Decisions about PA online casinos and poker have not been made rationally
Online Poker Report

Lessons For New PA Online Casinos, Part 2: Separate Fact From Fiction

Fact and fiction PA online casino

Pennsylvania is gearing up to become the second major state with legalized online casino gaming. With a launch potentially months away, Online Poker Report has identified five lessons the Keystone State can take from the Garden State’s experience.

In this installment of the series, we’ll look at the public and behind the scenes lobbying that has derailed and degraded online gambling legislation.

When it comes to advice, trust but verify

After debating online gambling for several years, Pennsylvania has received plenty of “advice,” both solicited and unsolicited. In addition to the ‘here’s why online gambling is bad’ crowd, Pennsylvania lawmakers and regulators have also been receiving input from the state’s multiple, diverse stakeholders.

Most of the policy advice from these groups is self-serving policy ideas disguised as best practices. Unfortunately, Pennsylvania has been buying it hook, line and sinker.

Pennsylvania should have followed New Jersey’s lead

Pennsylvania may have passed an online gambling law, but it’s a far cry from progressivism seen in New Jersey.

At the behest of a couple land-based casino interests, Pennsylvania has saddled its online industry with:

  • Exorbitant tax rates and licensing fees.
  • Random restrictions, such as an on-property online gambling prohibition.
  • Unnecessary and burdensome restrictions on skins that will depress competition and innovation.

Fortunately, other “advice” like requiring in-person registration wasn’t adopted.

The above policies were sold to the legislature and regulators as a defense against online cannibalizing land-based revenue. What they really are is a defense against smaller casinos.

All these policies do is prevent Pennsylvania from maximizing online casino revenue.

Instead of creating a robust, thriving industry where all 12 casinos have the same reach, online gambling has been kneecapped. It’s a form of self-sabotage designed to maintain the current casino hierarchy in the state, and the state’s major casino operators have played the game masterfully.

  • POKER
  • BONUS
  • DETAILS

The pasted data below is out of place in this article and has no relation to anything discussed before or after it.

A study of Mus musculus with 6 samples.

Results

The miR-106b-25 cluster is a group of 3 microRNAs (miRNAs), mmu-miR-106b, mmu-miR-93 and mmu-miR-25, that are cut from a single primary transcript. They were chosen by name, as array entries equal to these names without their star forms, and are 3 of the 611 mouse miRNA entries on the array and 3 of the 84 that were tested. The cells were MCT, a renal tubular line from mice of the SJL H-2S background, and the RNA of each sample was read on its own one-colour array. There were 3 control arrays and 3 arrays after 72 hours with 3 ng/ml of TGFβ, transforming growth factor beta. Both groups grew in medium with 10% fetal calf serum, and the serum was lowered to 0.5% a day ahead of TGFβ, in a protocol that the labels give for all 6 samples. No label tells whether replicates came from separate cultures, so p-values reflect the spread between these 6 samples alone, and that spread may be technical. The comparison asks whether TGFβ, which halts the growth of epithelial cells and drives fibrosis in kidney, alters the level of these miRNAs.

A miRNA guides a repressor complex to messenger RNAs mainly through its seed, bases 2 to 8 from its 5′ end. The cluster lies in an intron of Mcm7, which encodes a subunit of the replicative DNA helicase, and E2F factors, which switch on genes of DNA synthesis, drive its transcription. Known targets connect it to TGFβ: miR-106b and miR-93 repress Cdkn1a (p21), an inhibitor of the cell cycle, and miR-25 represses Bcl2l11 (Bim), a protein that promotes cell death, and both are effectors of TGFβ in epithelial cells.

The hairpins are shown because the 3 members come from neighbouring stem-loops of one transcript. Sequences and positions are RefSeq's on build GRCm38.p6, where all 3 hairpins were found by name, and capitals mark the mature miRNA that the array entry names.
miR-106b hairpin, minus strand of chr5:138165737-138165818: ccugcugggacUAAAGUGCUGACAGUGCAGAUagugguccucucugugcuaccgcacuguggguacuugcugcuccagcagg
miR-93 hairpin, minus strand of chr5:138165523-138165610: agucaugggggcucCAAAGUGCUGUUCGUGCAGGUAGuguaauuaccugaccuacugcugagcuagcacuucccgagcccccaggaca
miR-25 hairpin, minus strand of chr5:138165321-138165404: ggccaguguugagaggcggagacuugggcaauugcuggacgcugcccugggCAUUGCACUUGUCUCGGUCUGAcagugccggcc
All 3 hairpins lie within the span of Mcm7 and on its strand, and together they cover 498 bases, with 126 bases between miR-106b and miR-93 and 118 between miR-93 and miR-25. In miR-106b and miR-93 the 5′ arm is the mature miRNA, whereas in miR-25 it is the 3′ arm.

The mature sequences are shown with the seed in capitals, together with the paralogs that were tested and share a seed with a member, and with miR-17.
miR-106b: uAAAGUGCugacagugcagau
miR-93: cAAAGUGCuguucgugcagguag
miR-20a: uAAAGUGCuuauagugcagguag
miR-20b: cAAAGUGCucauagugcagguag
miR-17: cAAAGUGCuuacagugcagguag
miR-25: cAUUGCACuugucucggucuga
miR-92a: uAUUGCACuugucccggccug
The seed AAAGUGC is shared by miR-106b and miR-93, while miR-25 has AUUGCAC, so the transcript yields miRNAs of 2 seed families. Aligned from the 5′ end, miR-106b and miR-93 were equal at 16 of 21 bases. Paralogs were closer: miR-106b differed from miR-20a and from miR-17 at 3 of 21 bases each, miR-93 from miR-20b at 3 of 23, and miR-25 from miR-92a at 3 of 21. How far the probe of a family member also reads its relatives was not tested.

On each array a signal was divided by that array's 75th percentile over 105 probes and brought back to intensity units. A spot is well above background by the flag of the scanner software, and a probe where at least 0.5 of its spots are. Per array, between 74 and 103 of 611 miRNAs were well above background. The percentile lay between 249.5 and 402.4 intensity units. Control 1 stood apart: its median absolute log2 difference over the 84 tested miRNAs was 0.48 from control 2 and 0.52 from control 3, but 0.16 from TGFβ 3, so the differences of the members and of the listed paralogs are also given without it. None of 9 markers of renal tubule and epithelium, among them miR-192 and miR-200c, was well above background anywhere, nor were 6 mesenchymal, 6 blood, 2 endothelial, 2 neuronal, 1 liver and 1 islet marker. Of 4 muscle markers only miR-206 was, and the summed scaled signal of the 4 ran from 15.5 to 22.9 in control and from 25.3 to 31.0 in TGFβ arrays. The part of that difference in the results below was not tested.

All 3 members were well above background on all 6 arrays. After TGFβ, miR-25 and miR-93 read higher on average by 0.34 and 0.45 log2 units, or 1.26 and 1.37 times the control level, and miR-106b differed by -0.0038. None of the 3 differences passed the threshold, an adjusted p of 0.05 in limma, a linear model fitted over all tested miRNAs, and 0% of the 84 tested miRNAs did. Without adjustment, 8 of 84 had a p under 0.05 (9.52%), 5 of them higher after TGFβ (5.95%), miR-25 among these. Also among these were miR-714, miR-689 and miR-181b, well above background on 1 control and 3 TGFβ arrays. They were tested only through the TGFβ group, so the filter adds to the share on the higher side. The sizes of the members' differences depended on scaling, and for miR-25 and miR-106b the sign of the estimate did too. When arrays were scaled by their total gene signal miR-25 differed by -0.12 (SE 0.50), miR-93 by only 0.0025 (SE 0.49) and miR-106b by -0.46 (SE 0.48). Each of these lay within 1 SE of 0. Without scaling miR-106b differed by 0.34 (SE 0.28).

• PLAY

PA should have copied the NJ model

As one of the first online gambling states, New Jersey really only dealt with the should we or shouldn’t we groups. There were really only two sides, and you were either for it or against it. No one was for it under specific conditions.

The how was largely left up to lawmakers and regulators — with some input — and not the state’s casino interests.

And because all of New Jersey’s casinos are in the same city, there weren’t dozens of lawmakers all going to bat for the casino located in or near their district.

That doesn’t mean New Jersey lawmakers didn’t have to listen to and debate things like cannibalization, tax and licensing rates, and the casino in every pocket crowd. But at the end of the day, New Jersey was able to separate the signal from the noise and pass a pretty progressive online gambling law.

New Jersey online gambling has been thriving thanks to its:

  • Semi-open market that fosters competition and innovation while propping up Atlantic City’s land-based casinos.
  • Sensible tax rate and licensing fees.
  • Its de facto position of letting its capable regulators do their job and approve new games and operators.

Final thoughts

Up to this point, Pennsylvania has decided to ignore the clearly marked path New Jersey blazed. Instead, it’s been listening to the devil on its other shoulder when it comes to policy and the result has been a parade of poor decisions, leaving the state in strange, uncharted territory.

Pennsylvania has effectively put restrictor plates on its online casino industry.

That’s great news for the state’s thriving casinos, but it’s not so good for smaller casinos, Pennsylvania residents or the state’s coffers.

- Steve covers nearly every angle of online poker in his job as a full-time freelance poker writer. His primary focus for OPR is the developing legal and legislative picture for regulated US online poker and gambling.